Callas first sang at Milan’s legendary La Scala for the opening of the 1951–1952 season (in Verdi’s I vespri siciliani) and she became closely identified with the theatre, notably in productions directed by Luchino Visconti and his protégé Franco Zeffirelli. Spontini’s La vestale was staged for her there in 1954, Bellini’s La sonnambula in 1955, and her final La Scala performances came in 1962 with Cherubini’s Medea. ‘This wonderful record gives us … Callas at her most spell-binding and enthralling,’ wrote Gramophone. ‘Callas at La Scala … shows the diva at her most exciting and most beautiful.’
This unique 70CD box set includes all the studio recordings Maria Callas ever made. It contains 26 complete operas, four of which are studio repeats, plus the complete studio recitals made during her recording career, from 1949 to 1969.
It's pretty simple-this boxed set contains EVERYTHING La Divina recorded in the studio, including newly-licensed and newly-remastered material! That's the first 69 CDs; the 70th CD is a CD-ROM containing the tracklists and photos. And the set comes inside a hardcover slipcase containing a color booklet packed with even more photos of this most photogenic of opera singers. As for the contents, well, again, it's EVERYTHING she did in the studio.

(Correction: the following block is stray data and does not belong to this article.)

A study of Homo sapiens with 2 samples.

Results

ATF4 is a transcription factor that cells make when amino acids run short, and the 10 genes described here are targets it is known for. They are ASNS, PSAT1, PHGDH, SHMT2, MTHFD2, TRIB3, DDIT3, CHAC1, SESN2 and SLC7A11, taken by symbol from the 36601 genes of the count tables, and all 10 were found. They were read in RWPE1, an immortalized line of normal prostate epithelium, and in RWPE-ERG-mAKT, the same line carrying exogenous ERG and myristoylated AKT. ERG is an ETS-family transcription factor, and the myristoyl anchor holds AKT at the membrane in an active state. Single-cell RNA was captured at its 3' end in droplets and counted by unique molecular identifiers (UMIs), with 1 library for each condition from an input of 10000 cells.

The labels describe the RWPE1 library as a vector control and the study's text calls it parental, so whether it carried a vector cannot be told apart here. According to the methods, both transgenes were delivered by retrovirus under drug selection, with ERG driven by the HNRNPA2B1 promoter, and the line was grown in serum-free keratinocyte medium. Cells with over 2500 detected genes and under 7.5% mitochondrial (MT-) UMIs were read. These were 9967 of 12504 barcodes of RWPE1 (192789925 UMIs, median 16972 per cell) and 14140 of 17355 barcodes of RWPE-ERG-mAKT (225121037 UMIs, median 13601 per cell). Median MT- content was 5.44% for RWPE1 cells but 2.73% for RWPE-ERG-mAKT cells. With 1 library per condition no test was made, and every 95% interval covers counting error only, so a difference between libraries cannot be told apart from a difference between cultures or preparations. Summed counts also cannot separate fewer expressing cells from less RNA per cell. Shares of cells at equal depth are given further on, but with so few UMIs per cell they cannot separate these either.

This is a most unusual 'Parsifal,' a live Rome performance, abridged and sung in Italian, originally broadcast in September of 1950. As dark a horse as it may appear to be, several factors make it compelling listening. One is the leadership of Vittorio Gui, an excellent opera conductor now best remembered for several fine Mozart recordings he made for EMI. While the music does seem to have a somewhat Latinate thrust, it works on its own terms, reminding one that despite the aura of spirituality and philosophy that hangs over the proceedings, this is still drama. Then there is the matter of the singers, with the great Russian bass Boris Christoff, firm and profound as Gurnemanz and soprano Maria Callas, here in her early prime, strong, sharp Read more and electrifying, as Kundry, each adding their spectacular (though not typically "Wagnerian") gifts to the mix. It's quite a stew.